House Republicans Propose $1 Trillion in Medicaid Cuts

A new proposal introduced by Republicans in the House of Representatives asks that the Medicaid program be cut by $1 trillion. Lawmakers say this proposed cutback could help trim money from the deficit over the next 10 years.

Medicaid Reform Proposal on Deck

The Medicaid program began in 1965 as a way to offer public health insurance coverage to children, pregnant mothers, disabled and poor individuals. In order to cut the massive U.S. deficit, House Budget Chief Rep. Paul Ryan proposed to reform this program by making a few changes:

  • Reverse current health care laws: One way to cut costs is by reversing health care reform. Since the Medicaid program was expanded in the new reform law to cover millions of uninsured who currently earn too much to qualify, the proposal asks to repeal the law entirely.
  • Limit rate Medicaid spending grows: The proposal also asks to limit the rate Medicaid spending grows to reflect changes in population and prices. This, according to the proposal, would result in $771 billion in cuts over the next 10 years.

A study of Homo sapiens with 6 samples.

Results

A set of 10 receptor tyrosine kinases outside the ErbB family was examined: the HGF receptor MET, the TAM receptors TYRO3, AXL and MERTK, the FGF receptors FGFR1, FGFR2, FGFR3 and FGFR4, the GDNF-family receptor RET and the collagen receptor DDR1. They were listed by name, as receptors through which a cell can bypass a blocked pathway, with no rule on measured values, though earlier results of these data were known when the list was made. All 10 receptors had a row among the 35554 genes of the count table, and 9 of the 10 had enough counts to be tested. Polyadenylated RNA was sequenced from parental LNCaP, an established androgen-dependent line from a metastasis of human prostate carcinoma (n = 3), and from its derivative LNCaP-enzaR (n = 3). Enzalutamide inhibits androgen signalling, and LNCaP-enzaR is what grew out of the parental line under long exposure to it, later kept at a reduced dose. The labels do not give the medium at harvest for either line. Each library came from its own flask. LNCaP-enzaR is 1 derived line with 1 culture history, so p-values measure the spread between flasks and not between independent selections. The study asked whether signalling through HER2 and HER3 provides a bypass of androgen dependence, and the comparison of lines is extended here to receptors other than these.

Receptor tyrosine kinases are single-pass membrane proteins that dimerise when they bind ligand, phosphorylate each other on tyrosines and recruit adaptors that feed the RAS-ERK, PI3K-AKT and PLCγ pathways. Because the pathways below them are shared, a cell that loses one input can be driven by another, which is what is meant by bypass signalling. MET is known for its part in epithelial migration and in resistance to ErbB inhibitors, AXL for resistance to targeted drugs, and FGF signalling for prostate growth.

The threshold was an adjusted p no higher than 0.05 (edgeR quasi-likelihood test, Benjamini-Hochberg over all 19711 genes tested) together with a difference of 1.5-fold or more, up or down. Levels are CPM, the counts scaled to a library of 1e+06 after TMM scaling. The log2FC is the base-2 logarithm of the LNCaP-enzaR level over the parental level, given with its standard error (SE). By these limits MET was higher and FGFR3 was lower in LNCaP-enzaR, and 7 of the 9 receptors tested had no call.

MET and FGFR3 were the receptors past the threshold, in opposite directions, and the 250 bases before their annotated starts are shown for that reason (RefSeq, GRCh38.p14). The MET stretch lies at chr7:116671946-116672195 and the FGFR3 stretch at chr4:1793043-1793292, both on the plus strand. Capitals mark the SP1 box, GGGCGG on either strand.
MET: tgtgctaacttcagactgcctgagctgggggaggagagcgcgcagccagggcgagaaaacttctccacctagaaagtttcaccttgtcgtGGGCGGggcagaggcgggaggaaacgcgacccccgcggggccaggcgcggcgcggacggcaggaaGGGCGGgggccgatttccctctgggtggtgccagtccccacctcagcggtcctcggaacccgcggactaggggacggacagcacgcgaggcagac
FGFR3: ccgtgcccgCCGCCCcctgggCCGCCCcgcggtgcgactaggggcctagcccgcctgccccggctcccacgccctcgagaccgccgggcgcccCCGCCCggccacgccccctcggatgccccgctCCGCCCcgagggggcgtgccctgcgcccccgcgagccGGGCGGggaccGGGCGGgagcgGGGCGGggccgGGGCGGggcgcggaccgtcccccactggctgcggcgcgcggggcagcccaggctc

• Rework how Medicaid dollars are issued: The proposal asks federal officials to give Medicaid dollars to states in a lump sum, rather than as a match to state spending.

The third suggestion is backed by the Congressional Budget Office (CBO), which suggested in November that a similar block grant system could save $180 over the next 10 years.

Proposal Faces Criticism from White House and Senate

While the proposal promises to save money for the country, experts say significant cuts are guaranteed to curtail benefits for the nation’s poorest–a number that increased significantly after the onset of the recession. As a result, Democrats in the White House and Senate are expected to reject the ideas.

Even the CBO, which issued an analysis of the revamp Tuesday afternoon, agreed the changes could have a heavy effect on struggling Americans as it could “curtail eligibility for Medicaid” and “provide less extensive coverage to beneficiaries.”

The problem of reducing benefits coupled with the belief that states receiving block payments could end up using the money to fill gaps in their own troubled budgets leaves opponents of the proposal to think that it would not have enough short- or long-term benefits to pass in Congress.